Opinion: In Praise of Previews by Luke Toulson

luke toulson

Preview season is well and truly under way. For comics it is a vital part of the Edinburgh Fringe dominated calendar. For punters, an opportunity to see their favourite comedians at knocked down prices. Though I think an equal number of audience members unwittingly stumble across previews, when what they were actually after was something other than a comedian unwittingly stumble through a notepad of half-written jokes.

That said, Edinburgh previews are my favourite gigs to perform. The longer stage time allows greater experimentation, while (hopefully) the audience's complicit agreement that not all of it is going to work, imbues a playfulness to proceedings, which is often missing from club gigs.

At least one of my final ‘polished’ Edinburgh shows, with all the rough edges smoothed away, never matched the untameable (dare I say) magic that my flailing attempts to plot a course through my unfinished show, routinely achieved during previews.

How many previews are enough? The big acts often clock in something in the region of 30, smaller acts sometimes struggle to notch up double figures, such is the buyer’s market of TV regulars offering their services to promoters at substantially lower rates than for regular gigs or tour shows.

In the absence of multiple previews, acts with a lower profile have to get a little more inventive developing their shows in 10 minute chunks at new material gigs or sneaking bits into their clubs sets. I have found that tricky this year as my show is based on the letters my Grandpa wrote during the war. With all the good will in the world, that’s never going to fly at Watford Jongleurs.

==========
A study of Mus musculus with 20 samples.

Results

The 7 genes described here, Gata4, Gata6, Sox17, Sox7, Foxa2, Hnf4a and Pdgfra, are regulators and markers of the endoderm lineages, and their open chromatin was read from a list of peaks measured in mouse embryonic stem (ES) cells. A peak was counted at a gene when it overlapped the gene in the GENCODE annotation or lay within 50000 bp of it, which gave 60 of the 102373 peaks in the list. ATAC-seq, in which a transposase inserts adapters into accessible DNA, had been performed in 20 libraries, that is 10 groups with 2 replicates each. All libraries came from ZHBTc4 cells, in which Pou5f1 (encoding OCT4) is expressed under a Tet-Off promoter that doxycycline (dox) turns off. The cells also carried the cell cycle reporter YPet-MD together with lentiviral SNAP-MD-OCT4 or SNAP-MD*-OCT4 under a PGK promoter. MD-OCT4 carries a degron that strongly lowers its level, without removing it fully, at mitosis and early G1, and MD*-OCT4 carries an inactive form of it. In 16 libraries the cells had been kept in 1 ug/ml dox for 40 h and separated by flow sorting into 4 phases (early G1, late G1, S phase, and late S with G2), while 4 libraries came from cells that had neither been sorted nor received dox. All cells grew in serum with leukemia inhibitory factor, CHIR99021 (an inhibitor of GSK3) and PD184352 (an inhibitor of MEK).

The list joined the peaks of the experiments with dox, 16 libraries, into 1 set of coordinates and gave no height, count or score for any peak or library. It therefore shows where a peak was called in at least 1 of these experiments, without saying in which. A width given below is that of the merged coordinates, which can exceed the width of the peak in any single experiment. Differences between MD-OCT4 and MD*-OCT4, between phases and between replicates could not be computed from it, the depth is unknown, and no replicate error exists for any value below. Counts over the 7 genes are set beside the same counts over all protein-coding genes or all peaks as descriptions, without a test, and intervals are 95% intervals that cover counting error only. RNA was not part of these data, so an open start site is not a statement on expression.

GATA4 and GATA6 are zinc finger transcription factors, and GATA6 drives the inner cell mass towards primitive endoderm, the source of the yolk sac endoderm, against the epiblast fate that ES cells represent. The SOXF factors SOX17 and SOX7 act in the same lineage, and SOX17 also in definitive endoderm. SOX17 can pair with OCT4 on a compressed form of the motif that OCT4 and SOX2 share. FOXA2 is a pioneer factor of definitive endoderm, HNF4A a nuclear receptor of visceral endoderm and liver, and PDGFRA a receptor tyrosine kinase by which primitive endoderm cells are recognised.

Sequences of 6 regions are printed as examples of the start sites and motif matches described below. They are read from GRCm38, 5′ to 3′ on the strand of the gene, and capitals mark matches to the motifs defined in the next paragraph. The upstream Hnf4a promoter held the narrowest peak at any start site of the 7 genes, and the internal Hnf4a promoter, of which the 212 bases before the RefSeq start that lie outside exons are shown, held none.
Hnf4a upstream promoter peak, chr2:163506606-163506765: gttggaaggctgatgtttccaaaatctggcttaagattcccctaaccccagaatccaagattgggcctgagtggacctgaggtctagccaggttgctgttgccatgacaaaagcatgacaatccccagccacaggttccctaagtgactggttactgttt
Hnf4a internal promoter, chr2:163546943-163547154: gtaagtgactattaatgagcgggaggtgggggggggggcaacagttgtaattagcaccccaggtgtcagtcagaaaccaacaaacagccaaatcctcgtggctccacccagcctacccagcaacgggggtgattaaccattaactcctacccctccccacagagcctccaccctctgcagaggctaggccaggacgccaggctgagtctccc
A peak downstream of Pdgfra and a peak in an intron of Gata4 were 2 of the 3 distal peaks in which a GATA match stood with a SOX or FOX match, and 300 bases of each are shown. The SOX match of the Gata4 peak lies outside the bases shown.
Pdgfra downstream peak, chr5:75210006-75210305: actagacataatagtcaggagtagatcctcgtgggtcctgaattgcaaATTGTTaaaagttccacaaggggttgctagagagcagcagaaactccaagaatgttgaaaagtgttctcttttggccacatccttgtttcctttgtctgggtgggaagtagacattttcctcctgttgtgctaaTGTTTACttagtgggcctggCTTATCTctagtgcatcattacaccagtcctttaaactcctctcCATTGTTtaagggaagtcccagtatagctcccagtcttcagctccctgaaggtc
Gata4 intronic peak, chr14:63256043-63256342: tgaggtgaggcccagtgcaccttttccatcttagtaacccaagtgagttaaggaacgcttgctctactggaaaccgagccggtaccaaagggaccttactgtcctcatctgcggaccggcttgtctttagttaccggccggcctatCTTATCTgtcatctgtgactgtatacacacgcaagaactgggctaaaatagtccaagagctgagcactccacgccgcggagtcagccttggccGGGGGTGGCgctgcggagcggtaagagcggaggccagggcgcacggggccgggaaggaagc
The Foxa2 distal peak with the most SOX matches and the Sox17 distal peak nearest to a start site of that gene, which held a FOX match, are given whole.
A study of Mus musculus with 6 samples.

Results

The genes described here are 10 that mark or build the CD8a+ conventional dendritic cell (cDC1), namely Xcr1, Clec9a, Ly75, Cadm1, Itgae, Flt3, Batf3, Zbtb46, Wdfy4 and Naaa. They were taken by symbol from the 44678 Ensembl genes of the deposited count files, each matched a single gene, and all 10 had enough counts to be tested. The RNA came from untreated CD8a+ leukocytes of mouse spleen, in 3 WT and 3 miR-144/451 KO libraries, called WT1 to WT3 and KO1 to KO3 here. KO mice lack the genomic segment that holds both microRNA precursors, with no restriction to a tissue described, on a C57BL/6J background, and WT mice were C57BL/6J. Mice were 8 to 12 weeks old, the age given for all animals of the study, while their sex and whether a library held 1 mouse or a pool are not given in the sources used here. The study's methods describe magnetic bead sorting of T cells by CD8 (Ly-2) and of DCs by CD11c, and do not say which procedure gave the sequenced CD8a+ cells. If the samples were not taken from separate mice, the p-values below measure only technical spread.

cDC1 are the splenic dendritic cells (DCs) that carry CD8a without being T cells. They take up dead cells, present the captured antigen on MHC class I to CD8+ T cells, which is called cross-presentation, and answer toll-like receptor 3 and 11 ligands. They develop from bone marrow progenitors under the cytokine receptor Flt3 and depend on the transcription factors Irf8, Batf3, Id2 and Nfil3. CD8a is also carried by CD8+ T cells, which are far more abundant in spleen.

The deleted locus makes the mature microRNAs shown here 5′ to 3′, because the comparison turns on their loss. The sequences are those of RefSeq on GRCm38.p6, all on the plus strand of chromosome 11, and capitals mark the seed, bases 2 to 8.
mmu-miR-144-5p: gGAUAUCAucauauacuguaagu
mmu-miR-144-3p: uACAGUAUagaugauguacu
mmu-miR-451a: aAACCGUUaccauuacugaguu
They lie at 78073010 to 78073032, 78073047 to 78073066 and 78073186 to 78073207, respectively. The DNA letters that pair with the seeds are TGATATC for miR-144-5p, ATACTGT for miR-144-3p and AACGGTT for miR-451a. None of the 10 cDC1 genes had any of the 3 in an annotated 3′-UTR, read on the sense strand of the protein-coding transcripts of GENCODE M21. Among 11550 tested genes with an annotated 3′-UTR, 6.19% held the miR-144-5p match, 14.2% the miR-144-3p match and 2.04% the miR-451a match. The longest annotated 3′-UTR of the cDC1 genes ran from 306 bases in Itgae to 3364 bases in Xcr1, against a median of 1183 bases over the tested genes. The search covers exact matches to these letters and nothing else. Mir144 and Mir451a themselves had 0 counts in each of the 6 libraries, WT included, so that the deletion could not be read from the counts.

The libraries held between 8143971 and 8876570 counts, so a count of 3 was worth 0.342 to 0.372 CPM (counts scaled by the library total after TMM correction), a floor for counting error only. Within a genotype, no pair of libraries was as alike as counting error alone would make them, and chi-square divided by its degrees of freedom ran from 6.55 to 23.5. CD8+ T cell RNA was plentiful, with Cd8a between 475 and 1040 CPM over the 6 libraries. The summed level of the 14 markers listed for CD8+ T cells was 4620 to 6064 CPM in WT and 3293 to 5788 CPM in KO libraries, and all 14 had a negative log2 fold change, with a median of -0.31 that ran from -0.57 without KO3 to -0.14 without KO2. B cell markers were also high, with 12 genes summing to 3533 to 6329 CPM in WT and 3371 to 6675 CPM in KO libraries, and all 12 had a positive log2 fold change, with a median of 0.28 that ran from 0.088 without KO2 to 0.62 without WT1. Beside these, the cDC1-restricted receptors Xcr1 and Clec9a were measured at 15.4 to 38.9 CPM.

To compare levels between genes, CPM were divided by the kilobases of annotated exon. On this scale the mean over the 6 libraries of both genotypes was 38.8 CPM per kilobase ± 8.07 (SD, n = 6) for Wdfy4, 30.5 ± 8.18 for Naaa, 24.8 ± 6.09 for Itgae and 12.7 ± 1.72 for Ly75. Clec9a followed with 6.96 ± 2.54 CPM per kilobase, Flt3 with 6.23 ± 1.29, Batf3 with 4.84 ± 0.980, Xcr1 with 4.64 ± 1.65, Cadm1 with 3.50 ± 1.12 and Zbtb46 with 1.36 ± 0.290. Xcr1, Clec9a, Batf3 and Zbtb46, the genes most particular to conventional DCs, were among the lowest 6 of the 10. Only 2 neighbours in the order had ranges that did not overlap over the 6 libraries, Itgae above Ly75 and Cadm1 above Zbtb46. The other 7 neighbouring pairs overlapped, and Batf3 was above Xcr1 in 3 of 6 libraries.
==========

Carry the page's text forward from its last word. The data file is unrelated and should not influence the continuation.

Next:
Instead, every Wednesday in July, I will be putting on previews of my show, ‘Grandpa, Hitler and Me’, alongside my favourite Edinburgh-bound acts, including Sara Pascoe, Paul Sinha, Carl Donnelly and James Acaster. Sara is actually preparing for Edinburgh 2016, and will no doubt whizz past the 30 previews mark before then.

To go off on a tangent, it seems a shame that club gigs in this country are largely one of two things; either made up of tight club sets or a couple of work-in-progress previews. For much of the year, there is huge conformity in the basic structure of UK club nights; an mc and three 20 minute sets. A newer act, taking their first steps as a pro-comic, does the same amount of time as the headliner. Many clubs even shy away from referring to the closing act as the headliner, implying that we are all headliners. Or, I suppose, none of us are.

While riddled with its own particular flaws, I am envious of the American circuit where it is the norm for headliners to perform 40 to 60 minute sets, forcing the best comedians to develop a set that can command a club audience’s attention for longer than the time it takes the average British male to require another pint.

Perhaps it is these longer headliner club sets which are responsible for routinely spitting out brilliant American comics, such as as my personal favourites, Bill Burr, Gary Gulman and Louis CK.

We of course have many touring shows but the environment of a theatre containing a relatively loyal audience is clearly different to that of the Saturday night late show at The Comedy Store.

The modern route to acquiring an audience to support a tour are panel shows and/or an edited version of a 20 minute club set on Live at the Apollo. The comics I would want to see do an hour long club set, the likes of John Gordillo, Bob Mills, Tom Stade, to name but three, don’t tend to be on panel shows.

Possibly the rough and ready previews in front of a rough and ready club audience, are the closest we will get to the extended club sets of America and the often cited unpredictability of the gigs during the early years of the UK circuit.

Luke Toulson is previewing his Edinburgh show Grandpa, Hitler and Me at the Crack Comedy Club in July and then appearing at The Stand from August 5 - 30. For more info go to his website here.